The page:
The oncogenic BRAFV600E mutation has been associated with almost half of diagnosed human melanoma cases. Its importance in progression is underscored by the ability of a phase III BRAF inhibitor to enhance treatment in the majority of melanoma patients. However, the eventual recurrence of the disease remains prominent in a substantial subset of patients treated with BRAF inhibitors, indicating a high propensity for tumor drug resistance to this therapy.
Melanoma tumors have been found to exhibit both high intertumoral heterogeneity and contain a higher levels of somatic mutations when compared with other solid tumors. Due to this heterogeneity, researchers at the Houston Methodist Research Institute believe that synergistically targeting genes and pathways cooperating with BRAFV600E to drive tumor formation may provide a more durable melanoma therapy.
Dr. Michael Mann and fellow Houston Methodist researchers used Sleeping Beauty (SB) transposon-mediated mutagenesis to identify such candidate genes and pathways. Interestingly, the research team was able to initiate melanoma-like disease in mice (expressingBRAFV600E ) using SB mutagenesis, observing that the derived mutations were cooperative with BRAFV600E.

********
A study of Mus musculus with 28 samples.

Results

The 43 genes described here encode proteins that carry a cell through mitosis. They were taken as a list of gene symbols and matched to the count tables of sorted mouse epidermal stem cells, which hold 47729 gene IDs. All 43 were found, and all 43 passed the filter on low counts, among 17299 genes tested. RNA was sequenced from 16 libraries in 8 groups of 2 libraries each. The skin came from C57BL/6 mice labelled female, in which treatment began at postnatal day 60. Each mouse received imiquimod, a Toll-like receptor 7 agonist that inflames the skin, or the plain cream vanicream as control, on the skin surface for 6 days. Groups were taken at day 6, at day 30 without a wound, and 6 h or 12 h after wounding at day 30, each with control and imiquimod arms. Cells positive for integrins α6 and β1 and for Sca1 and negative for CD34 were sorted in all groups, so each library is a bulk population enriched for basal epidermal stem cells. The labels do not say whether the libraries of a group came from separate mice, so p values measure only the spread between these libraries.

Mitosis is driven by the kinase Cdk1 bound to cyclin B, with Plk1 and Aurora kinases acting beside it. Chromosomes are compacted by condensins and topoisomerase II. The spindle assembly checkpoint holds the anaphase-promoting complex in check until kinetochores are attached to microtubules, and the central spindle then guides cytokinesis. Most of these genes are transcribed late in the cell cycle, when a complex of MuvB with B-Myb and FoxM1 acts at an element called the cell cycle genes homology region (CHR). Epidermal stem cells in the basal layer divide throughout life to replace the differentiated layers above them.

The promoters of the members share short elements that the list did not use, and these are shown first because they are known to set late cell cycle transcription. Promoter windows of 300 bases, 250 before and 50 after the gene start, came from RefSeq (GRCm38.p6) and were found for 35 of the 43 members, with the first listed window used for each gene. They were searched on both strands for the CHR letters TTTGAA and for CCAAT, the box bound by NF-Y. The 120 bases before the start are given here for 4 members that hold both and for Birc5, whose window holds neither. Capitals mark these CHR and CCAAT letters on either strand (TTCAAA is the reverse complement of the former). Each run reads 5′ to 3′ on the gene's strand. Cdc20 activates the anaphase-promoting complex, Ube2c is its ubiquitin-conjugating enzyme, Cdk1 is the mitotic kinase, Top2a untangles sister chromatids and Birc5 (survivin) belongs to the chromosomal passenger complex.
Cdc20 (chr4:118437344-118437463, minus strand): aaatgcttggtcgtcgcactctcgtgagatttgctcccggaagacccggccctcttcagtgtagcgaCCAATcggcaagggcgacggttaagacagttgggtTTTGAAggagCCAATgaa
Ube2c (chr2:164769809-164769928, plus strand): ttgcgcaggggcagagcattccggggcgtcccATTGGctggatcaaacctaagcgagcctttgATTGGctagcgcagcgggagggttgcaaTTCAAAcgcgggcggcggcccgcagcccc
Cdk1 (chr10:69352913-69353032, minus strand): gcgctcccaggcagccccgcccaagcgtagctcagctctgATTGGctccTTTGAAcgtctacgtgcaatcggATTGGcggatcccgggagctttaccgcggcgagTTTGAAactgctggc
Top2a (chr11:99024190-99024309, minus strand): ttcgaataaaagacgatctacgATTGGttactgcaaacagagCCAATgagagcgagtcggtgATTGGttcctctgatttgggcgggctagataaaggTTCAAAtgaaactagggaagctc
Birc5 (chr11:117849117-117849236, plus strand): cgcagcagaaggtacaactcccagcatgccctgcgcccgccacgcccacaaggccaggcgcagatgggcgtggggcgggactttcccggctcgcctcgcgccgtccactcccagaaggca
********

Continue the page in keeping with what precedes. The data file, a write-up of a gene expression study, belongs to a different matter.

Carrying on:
By analyzing 77 melanomas obtained from these mice, the researchers used whole-exome sequencing to identify the spectrum of mutations found as a result of SB mutagenesis. Mutations in tumor suppressor genes were most common, an unsurprising fact considering these mutations lead to tumor evolution. Interestingly, common transposon insertion sites (CIS) genes were often found to have one or more functional connection to another CIS gene, suggesting coordination.
Moreover, there was an enrichment for transcription factors and their cognate DNA binding sites in promoters of other CIS genes. Furthermore, CIS genes were enriched for signaling pathways and biological processes, both of which seemed to be regulated at several levels, including epigenetically. Lastly, 46 CIS genes were found to be associated with patient survival and impact patient outcomes.
The key finding of this study was the identification of CEP350 as a novel tumor suppressor gene that may drive the progression of melanoma. Abrogation of CEP350 expression augmented the progression of tumor formation, highlighting its importance. Notably, the researchers state that the tumor suppressive ability of CEP350 is likely to be a dependent on the BRAFV600E oncogene.
Using SB mutagenesis, the researchers employ a systems biology stance as a means to project promising therapeutic outcomes for the future. They predict that targeting signaling pathways and nodes, identified using SB mutagenesis, will be crucial in the development of future melanoma therapies. They state that CIS genes identified using this approach should be considered as candidate genes for more durable drug therapy aimed at targeting human melanoma.